Streaming Review

Music review – Sia’s directorial debut is calamitously misjudged and offensive

Harmful stereotypes and bad performances are just some of the many failures that make up this sappy, lazy musical-drama

When an obviously offensive film is put out into the world, it can often be difficult to write about anything other than the ways in which it offends, leaving the actual filmmaking and craft under-discussed. In the case of Music, though, that may actually be a blessing in disguise, with this directorial debut from pop-music megastar Sia also failing completely on its own terms – an underdeveloped, uncomfortable, and for the most part dull story of a makeshift family coming together.

Much has already been written on how insensitive Music is as a portrayal of non-verbal autism, with neurotypical actress Maddie Ziegler playing autistic teen Music, and how downright dangerous it is in its approving portrayal of restraint, a physical technique to stop meltdowns that has killed autistic people in the past. There’s not much more I can add to this conversation, but it is profoundly uncomfortable to watch, made all the worse by the fact that Music isn’t even the main character.

Instead, this young autistic girl is used as a mere prop in someone else’s story, her condition proving to be the inspiration that her older sister Zu (Kate Hudson) needs in order to become her best self. Battling with addiction, Zu is forced back into Music’s life after their grandmother dies, having to balance caring for her sister with staying clean and finding work.

Sia has bitten off far more than she can chew here, directing, writing, and creating the musical numbers, positive proof that a great talent in one art form doesn’t necessarily translate into competence in another. The world-building and dialogue are woeful, while tonal whiplash abounds and all the heavy lifting of character development is done through montages.

Instead of actually investing us in the story, Music is constantly carving out time for wacky set-pieces and side plots that strain all credulity, even in the slightly fantastical atmosphere that Sia is aiming for. Zu, it transpires, is a high-end drug dealer, selling pills to millionaires with seemingly no risk at all – her boss even lets her off the hook for losing thousands of dollars of product just because he knows she’s had a tough time. In one truly bizarre scene, Zu drags Music to one of these deals where Sia (making a meta cameo as herself) is the buyer, promising to donate the pain pills she’s buying to impoverished disaster zones.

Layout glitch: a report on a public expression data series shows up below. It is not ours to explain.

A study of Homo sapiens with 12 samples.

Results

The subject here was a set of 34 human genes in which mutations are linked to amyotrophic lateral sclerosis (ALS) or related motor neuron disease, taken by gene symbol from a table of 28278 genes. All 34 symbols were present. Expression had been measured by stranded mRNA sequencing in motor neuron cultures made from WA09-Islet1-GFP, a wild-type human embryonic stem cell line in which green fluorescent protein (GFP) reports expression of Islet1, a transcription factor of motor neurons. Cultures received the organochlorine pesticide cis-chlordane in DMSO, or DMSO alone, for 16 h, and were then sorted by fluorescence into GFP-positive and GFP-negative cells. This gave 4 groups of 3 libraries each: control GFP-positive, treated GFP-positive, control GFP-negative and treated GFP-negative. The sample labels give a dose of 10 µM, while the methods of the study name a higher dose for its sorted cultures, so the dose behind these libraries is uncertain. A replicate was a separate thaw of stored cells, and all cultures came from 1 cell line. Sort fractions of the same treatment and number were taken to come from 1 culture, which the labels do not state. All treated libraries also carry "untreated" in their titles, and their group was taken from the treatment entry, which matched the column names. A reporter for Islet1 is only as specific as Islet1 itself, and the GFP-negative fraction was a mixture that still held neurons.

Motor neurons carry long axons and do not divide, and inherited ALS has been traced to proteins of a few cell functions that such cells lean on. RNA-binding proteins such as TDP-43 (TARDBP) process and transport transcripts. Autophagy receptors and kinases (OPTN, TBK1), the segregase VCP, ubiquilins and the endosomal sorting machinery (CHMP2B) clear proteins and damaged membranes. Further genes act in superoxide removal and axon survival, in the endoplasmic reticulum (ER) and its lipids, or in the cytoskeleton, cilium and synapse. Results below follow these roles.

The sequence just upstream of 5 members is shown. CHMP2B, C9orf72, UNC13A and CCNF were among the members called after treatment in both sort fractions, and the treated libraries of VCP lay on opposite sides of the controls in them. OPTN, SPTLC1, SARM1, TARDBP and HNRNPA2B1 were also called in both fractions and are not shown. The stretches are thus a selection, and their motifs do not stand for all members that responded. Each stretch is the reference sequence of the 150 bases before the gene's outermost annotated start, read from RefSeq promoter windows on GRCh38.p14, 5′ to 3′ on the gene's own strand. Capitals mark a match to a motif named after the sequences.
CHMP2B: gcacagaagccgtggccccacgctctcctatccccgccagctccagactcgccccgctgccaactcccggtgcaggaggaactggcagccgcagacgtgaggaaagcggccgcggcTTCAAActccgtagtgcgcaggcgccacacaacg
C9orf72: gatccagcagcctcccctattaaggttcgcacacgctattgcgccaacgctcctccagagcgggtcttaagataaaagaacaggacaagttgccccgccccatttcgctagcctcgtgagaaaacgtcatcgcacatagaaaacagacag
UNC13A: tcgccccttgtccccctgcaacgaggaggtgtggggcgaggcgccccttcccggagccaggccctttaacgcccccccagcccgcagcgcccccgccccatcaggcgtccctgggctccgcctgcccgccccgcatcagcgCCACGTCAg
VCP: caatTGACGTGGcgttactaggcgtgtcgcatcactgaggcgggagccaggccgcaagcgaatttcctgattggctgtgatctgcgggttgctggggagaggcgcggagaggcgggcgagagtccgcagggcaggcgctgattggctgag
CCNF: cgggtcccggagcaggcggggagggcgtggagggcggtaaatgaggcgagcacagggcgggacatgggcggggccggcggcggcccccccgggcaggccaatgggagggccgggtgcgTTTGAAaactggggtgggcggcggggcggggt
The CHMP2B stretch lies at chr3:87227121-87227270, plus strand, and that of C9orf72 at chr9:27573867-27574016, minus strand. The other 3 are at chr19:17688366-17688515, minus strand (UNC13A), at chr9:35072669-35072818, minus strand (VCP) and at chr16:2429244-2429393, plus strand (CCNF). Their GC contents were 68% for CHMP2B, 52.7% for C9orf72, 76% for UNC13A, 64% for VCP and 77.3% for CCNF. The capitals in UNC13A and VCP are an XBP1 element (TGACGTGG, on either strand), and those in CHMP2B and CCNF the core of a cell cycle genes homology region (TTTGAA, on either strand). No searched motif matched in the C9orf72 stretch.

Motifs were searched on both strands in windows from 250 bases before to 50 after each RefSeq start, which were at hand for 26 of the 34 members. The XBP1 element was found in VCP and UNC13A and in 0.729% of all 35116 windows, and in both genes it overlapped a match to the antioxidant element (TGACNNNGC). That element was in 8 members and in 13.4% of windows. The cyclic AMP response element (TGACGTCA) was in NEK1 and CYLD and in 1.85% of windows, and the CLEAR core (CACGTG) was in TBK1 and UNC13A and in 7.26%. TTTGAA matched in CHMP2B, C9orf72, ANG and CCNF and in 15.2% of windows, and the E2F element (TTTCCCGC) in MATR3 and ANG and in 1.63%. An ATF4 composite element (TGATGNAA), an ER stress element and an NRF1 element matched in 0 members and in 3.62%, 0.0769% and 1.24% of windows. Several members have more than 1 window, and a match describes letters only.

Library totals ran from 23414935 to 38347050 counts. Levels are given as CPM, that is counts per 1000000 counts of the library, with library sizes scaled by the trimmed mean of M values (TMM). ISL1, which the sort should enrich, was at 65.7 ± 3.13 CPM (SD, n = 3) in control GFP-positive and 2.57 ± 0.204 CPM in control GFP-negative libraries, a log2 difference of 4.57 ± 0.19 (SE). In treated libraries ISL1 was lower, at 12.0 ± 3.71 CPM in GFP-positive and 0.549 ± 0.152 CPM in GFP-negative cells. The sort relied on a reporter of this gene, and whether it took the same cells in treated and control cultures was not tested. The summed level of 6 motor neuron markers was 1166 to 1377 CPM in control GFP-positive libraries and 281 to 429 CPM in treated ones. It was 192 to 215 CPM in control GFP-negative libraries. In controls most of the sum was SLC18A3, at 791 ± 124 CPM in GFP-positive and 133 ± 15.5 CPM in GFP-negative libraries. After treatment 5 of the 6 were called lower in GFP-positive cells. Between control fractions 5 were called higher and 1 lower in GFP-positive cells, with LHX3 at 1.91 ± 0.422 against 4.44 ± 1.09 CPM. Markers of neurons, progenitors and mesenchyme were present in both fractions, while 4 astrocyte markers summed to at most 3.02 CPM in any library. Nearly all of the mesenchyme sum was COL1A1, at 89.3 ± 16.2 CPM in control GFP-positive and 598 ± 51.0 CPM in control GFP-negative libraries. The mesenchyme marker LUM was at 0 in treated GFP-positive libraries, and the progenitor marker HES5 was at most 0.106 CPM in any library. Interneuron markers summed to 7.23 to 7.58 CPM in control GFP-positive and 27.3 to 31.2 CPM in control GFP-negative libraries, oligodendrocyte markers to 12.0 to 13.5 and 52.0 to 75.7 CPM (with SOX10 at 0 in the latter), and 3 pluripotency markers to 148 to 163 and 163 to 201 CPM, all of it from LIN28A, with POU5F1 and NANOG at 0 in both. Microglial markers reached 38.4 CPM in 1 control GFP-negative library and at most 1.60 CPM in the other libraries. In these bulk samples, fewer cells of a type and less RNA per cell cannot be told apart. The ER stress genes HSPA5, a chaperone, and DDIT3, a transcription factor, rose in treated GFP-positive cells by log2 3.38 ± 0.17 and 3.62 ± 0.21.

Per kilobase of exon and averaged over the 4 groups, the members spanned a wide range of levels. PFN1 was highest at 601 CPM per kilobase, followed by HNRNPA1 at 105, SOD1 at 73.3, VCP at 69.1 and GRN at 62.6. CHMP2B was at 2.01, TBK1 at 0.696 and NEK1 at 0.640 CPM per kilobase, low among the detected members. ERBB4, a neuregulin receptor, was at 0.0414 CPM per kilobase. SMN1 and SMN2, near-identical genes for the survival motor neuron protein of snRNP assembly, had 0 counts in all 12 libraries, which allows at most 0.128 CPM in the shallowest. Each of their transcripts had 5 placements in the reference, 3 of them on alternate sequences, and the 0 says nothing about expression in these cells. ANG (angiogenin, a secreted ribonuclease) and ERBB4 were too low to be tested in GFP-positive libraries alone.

It’s a scene that serves as an effective microcosm of the film itself – confused, misjudged, and clearly motivated by vanity above all else. Performances are terrible across the board – even Leslie Odom Jr., as kindly Ghanaian boxing instructor, Ebo, can’t salvage anything from a role that skates far too close to the “magical Black man” trope – but with material this shoddy it’s hard to blame the actors.

Ziegler, in particular, deserves to be excused, while the distressing behind the scenes stories of her breaking down in tears over the nature of the performance adds to the sour taste of the final product. Music is as irredeemably calamitous as you’ve heard – a distasteful mess that should serve as a cautionary tale for other musicians thinking of trying their hand at filmmaking.

Music is now available on various streaming services.